What was just a tiny boy football club in Palanga, Lithuania’s gem Baltic resort, nearly 10 years ago, has expanded into a major children football powerhouse, the football academy Gintaras, now operating in two Lithuanian Baltic seaside municipalities, in Palanga and in Klaipeda.
“At the end of 2022, we have 220 boys in the Academy’s branches in both towns – 130 in Klaipeda and 90 in Palanga. As a football club operating in two towns in Western Lithuania, we are still pretty new, yet flexing and growing muscle,” says Marsel Balasanov, founder and director of the Academy of Armenian descent.
In the beginning, in Palanga, he had just 12 boys in the football club Gintaras. Rallied by the exuberant coach, Balasanov, whose father was a prominent footballer during the Soviet era, the resort’s little footballers created a series of true miracles on the pitch, hiking the town’s children's football to unprecedented heights, winning both numerous trophies and hearts of the teachers, the parents and the local community.
In all, FK Palangos Gintaras has won 130 different trophies on various Lithuanian pitches and in international stadiums. Among the trophies are such impressive children football awards as the Lithuanian Junior Football Champions, the winners of the Lithuanian Wellkid Cup, the second and third place winners of the Dobrecova Cup, two-time bronze medallists of the Lithuanian Futsal Championship. And this is only a small part of the "amber" footballers’ achievements!
Yet the Gintaras founder did not doze on the laurels and looked way forward, in 2020 establishing along with friend Andrius Vaitkus a football academy in Klaipeda City, some 25 kilometres away from Palanga.
"At the moment, FC Gintaras is one of the few academies in the country, which operates in two cities at once, and the number of children in the club increases every year – there are more than 200 children and 8 coaches now," says M. Balasanov proudly.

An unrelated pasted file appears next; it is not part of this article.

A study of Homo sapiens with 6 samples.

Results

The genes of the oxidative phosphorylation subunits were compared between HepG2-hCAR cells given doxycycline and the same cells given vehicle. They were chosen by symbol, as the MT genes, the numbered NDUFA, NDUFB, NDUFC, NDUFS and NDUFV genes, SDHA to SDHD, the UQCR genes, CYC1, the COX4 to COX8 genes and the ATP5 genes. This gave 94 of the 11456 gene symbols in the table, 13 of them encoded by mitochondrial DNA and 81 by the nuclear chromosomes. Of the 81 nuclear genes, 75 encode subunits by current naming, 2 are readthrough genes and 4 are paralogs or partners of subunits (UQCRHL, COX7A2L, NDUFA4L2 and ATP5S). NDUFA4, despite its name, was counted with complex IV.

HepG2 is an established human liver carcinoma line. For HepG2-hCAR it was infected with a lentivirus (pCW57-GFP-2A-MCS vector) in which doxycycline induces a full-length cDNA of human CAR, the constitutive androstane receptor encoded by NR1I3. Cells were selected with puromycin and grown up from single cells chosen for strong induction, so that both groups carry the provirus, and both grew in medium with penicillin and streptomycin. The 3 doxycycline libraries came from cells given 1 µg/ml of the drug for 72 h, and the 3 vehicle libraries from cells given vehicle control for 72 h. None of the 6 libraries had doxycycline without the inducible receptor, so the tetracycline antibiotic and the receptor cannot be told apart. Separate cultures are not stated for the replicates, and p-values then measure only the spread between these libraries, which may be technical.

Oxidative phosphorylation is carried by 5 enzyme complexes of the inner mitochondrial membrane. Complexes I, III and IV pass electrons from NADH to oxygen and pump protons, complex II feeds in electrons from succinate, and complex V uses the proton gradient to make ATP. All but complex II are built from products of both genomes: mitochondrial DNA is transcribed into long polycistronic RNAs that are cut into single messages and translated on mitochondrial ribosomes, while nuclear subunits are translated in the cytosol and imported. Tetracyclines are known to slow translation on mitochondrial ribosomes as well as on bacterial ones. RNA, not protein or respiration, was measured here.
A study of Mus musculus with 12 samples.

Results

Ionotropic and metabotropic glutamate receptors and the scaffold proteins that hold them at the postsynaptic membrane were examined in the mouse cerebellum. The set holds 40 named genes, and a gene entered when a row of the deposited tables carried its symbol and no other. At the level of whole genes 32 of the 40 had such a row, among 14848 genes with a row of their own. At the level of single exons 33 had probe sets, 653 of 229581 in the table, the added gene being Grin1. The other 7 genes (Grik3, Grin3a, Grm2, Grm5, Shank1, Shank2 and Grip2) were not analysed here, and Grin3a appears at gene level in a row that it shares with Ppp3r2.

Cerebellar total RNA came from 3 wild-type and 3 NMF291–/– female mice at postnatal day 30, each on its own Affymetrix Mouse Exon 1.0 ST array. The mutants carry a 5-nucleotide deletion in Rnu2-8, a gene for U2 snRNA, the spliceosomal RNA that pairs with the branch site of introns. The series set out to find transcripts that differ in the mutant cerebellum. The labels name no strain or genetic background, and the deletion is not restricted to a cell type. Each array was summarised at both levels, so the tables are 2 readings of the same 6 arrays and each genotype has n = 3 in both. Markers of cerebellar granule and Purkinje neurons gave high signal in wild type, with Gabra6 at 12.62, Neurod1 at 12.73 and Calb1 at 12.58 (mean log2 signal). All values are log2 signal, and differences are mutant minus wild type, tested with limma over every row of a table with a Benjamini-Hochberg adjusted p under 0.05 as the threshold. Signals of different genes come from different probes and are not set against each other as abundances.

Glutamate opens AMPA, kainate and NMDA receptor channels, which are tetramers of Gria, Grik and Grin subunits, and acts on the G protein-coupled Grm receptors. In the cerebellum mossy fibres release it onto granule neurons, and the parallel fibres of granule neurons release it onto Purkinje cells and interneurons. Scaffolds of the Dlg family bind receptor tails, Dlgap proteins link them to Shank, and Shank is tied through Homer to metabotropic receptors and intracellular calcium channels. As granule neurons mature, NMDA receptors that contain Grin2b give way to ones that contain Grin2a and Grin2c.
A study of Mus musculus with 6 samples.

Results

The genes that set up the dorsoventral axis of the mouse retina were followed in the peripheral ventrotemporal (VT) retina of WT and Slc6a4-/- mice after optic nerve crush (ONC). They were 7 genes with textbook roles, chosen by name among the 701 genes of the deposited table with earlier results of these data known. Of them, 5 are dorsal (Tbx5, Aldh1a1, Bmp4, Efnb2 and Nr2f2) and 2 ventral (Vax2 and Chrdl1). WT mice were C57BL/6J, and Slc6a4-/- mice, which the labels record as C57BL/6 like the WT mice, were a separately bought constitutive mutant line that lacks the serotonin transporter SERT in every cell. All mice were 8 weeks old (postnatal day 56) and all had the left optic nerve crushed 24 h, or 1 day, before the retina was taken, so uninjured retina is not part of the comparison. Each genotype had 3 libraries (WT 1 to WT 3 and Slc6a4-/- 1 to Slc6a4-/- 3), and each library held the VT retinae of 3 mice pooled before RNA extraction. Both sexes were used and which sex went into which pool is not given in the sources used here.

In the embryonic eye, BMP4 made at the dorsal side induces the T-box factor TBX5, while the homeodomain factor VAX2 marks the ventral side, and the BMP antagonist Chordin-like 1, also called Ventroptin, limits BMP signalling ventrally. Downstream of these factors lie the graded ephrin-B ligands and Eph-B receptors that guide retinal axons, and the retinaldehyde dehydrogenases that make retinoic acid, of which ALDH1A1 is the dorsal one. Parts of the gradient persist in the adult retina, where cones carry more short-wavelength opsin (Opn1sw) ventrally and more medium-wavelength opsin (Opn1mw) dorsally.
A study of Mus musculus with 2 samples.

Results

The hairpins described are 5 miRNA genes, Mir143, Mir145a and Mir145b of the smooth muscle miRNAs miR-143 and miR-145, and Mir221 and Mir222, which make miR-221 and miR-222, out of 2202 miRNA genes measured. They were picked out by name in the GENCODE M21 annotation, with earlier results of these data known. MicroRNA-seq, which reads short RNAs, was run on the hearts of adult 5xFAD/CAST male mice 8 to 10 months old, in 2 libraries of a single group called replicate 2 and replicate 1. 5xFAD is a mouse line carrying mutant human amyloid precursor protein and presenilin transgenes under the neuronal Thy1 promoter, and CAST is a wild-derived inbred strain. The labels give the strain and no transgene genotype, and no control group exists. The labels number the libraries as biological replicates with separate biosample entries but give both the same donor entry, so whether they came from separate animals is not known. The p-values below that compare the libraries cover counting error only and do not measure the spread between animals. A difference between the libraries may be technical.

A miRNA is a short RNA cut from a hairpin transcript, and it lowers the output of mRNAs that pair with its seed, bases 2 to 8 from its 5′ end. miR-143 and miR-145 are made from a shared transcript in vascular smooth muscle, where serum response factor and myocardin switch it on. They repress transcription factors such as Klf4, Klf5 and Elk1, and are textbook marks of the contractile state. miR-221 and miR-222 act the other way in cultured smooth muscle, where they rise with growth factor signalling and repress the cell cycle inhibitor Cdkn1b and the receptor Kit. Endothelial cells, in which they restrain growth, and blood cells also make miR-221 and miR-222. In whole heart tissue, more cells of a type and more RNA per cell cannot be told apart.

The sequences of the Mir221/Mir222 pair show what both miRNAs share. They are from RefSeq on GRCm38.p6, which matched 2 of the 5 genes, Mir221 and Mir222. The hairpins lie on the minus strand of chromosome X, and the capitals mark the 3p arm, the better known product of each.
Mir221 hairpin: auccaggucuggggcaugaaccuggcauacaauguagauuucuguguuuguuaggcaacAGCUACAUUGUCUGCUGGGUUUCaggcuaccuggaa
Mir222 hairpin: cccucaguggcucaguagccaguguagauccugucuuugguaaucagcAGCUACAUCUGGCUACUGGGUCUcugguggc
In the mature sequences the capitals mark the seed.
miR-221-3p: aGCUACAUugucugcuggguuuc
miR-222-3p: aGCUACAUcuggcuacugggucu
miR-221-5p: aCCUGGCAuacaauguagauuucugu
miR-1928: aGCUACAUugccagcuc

The oldest children of the academy under the FC Gintaras U-15 team participate in the elite national league, four more junior teams participate in the country’s strongest young footballer Pro League and two teams compete in the lower tier league.
When asked if, apart from the laid-back 14 thousand-people Palanga, he knows another town of the size with a children's football club employing even three foreign coaches, Ricardo Casalero, the head coach of Palanga's children's football academy Gintaras from Portugal, laughs: "Oh ,no. This is an exception or a rarity."
Ricardo's assistant Awah Clifford on the pitch Cameroonian, and the third coach is Algerian.
"Undoubtedly, the geography of Gintaras coaches is an advantage. Although football is an international language that does not require translation, children thus learn more secrets and nuances of football," he emphasized.
Balasanov insists all the strongest children are prepared in such a way that they are up to the standards in the strongest similar academies in the country and abroad.
When asked if he sees a new "Ronaldo" among the academy’s 10 and 10+ year-olds, Ricardo Casalero smiles: "The young Lithuanian footballers are probably not in any way inferior to their peers from, say, Portugal or Spain in their physical fitness and technique. But what perhaps the Lithuanian kids are missing is a local Ronaldo or Messi to emulate."
"It is obvious that Lithuania is a basketball country. However, I also see good signs in Lithuanian children's football – its popularity is increasing, clubs are hiring more foreign specialists," adds Ricardo.
"Objectively speaking, the level of Gintaras is really close to the country's best children's football clubs, even those in Vilnius. It is fascinating," says the coach.
According to Balasanov, from the first day of the club's foundation and until now, the main goal of Gintaras academy remains the same: not the overall team results and achievements, but the individual achievements of the most talented children and their well-being.
Balasanov reiterates that football is not only the passionate game and the hard training – it is much more.
“It is encompasses a whole philosophy, a healthy lifestyle, socialising – be it the trips of the children to matches of the top-tier clubs or the gatherings of the kids, their parents and the coaches for a barbecue, " says M. Balasanov before adding: "Not all the children may become professional footballers, but football will undoubtedly help them become personalities, good citizens in life.”
And who know – maybe a new Ronaldo and Messi is already dribbling the ball – in Klaipeda or Palanga! Just look out in a couple of years for the headlines bearing the names and the name of the football academy Gintaras.